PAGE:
PM Vol 17 No 100

PM Vol 17 No 100  Editor’s Note
Close Relations between Japan and Thailand

I am honored to write to readers of Asia Pacific Plant Management for the first time. The magazine has travelled a long journey and has already reached its 100th issue which you are now holding. During our journey, many things have changed but our intention has always been to provide the best content and updated information and these still remain the same and are even getting better as well as our relationship with our readers.

I have recently heard sad news that a Thai female elephant staying in Japan since 1949 had passed away. Hanako was sent as a gift from Thailand to Japan after the end of World War II to heal the hearts of Japanese children. She did her best and became the most loved elephant in Japan. Hanako existed in many children’s books and TV series making her a popular attraction at the zoo. Her quiet death has very much saddened the people of both Thailand and Japan because she had been Thailand’s goodwill ambassador to Japan for a very long time. However, the relationship between Thailand and Japan is still strong.

Japan and Thailand have been maintaining a long cordial relationship since the 15th century during the age of Ayudhaya and Ryukyu (Okinawa). This relation began to decline when Japan had a policy closing the country to the outside world but was recovered with the Declaration of Amity and Commerce between Japan and Siam in 1887. The Japanese knowledge of law, education and sericulture had contributed greatly to Thailand and made it more modernized. In 2007, Japan and Thailand celebrated the 120th anniversary of the establishment of diplomatic relations with many memorial cultural events.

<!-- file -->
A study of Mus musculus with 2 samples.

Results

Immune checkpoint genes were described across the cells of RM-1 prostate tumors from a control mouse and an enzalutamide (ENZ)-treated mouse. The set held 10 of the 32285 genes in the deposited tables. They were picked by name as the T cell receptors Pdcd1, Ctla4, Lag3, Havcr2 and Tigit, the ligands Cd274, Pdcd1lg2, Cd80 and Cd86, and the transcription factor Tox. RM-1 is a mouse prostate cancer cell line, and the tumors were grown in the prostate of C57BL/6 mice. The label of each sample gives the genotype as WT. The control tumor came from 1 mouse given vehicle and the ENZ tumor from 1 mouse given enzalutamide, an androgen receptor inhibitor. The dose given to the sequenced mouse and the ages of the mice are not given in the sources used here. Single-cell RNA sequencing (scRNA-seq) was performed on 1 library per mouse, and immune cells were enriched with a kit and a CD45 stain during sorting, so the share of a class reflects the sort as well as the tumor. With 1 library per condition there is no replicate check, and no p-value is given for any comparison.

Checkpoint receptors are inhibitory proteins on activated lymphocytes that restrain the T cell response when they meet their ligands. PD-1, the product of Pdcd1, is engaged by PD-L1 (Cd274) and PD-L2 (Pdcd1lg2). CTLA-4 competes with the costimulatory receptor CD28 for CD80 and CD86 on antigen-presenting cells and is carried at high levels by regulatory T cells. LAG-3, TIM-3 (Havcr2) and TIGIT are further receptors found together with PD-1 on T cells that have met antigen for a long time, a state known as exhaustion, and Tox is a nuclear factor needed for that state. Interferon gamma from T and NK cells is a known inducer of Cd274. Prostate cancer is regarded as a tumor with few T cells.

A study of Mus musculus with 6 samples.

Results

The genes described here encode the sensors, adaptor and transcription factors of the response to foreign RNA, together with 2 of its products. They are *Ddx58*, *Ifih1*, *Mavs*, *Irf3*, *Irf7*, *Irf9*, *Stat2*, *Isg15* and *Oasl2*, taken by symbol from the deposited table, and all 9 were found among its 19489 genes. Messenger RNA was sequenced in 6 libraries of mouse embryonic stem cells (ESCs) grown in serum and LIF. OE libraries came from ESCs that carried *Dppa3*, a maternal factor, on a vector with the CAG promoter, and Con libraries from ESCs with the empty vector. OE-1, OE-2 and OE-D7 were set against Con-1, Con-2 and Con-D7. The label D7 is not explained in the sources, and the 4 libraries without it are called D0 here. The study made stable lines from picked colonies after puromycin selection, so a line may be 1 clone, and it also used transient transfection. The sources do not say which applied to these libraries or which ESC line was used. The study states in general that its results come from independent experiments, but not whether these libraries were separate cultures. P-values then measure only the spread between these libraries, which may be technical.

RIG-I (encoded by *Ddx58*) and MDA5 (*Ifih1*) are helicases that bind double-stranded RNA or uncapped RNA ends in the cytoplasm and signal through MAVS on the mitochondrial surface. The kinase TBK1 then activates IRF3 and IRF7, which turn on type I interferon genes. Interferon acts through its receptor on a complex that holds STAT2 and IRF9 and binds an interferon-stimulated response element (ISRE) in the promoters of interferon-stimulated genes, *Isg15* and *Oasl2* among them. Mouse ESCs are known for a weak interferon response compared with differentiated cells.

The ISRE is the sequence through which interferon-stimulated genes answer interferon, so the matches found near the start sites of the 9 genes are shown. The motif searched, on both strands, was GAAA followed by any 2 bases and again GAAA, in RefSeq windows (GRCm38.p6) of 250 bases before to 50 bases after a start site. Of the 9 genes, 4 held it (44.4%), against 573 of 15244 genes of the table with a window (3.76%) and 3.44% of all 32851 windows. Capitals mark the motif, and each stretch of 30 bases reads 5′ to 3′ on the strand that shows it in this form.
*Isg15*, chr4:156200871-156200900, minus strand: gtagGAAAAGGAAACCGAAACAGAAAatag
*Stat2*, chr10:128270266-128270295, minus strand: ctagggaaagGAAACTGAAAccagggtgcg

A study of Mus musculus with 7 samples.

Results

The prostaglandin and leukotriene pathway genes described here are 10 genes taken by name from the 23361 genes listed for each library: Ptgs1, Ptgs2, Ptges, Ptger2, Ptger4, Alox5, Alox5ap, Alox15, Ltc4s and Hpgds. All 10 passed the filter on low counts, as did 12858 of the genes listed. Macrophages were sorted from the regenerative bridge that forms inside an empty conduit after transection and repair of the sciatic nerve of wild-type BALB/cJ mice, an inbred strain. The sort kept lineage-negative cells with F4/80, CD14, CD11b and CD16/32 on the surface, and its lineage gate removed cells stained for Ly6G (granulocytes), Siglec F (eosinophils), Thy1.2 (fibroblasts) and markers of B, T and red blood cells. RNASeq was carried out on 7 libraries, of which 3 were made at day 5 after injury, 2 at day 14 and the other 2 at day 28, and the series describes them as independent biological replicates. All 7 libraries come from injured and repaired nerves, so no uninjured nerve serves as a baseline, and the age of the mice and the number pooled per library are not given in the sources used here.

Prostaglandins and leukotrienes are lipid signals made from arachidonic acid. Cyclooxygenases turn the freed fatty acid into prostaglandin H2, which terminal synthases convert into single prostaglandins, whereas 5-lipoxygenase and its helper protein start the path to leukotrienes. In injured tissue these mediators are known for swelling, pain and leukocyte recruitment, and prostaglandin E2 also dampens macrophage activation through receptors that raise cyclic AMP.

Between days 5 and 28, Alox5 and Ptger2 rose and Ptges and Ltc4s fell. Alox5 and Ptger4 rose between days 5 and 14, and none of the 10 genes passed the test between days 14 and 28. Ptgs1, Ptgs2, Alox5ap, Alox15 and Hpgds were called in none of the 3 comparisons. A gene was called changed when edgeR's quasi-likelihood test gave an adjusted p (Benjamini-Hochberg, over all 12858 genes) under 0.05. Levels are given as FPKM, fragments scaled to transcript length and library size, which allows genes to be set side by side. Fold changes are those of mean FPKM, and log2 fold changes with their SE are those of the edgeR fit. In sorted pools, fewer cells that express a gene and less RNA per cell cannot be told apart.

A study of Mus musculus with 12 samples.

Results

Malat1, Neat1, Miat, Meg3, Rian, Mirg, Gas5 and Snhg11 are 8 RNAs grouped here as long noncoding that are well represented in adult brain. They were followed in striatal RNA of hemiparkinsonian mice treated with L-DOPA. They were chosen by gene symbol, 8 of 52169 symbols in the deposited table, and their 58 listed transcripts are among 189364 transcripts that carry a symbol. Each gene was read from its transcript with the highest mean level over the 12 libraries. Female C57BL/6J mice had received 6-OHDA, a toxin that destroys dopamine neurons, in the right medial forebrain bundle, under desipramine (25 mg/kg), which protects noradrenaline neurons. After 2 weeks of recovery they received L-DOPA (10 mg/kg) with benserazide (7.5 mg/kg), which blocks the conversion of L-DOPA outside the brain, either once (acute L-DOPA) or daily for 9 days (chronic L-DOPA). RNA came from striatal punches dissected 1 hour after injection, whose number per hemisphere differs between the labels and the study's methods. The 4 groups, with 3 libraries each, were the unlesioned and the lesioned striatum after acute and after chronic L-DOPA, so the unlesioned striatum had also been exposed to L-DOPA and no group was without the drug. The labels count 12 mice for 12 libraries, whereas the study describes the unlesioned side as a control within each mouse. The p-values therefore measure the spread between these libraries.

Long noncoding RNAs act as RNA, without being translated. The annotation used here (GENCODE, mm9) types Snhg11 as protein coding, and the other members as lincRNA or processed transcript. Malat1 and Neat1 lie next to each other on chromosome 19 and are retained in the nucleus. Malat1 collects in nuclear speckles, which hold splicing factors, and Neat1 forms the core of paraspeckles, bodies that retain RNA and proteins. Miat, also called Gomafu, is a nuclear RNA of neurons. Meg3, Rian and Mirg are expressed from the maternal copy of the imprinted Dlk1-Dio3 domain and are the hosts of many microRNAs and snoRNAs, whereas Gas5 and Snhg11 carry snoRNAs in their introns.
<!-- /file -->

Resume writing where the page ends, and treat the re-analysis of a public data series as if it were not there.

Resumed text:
The close relation between two countries includes economic terms. Also in 2007, a Japan-Thailand Economic Partnership Agreement (JTEPA) was signed with the purpose of free trade between the two countries. The removal of tariffs between Thailand and Japan has greatly affected the Thai manufacturing sector expanding GDP and domestic consumption. According to Japan’s Foreign Minister Fumio Kishida during his visit in May, he aimed to reaffirm economic ties after Japanese investments in Thailand slowed down last year. “Thailand is a stakeholder that Japan cannot be without having as many big and medium-sized Japanese firms with over 4,500 companies that are based here.” Japan still came on top in foreign direct investment (FDI) in Thailand last year with total investments approved valued at more than 144 billion baht ($4.13 billion).

Close relation between Japan and Thailand has continued to grow in many ways in terms of culture, tourism and technology among other attributes. Asia Pacific Plant Management also strives to grow with the strong connection between both countries providing essential information for readers as solid as Thai and Japanese relations.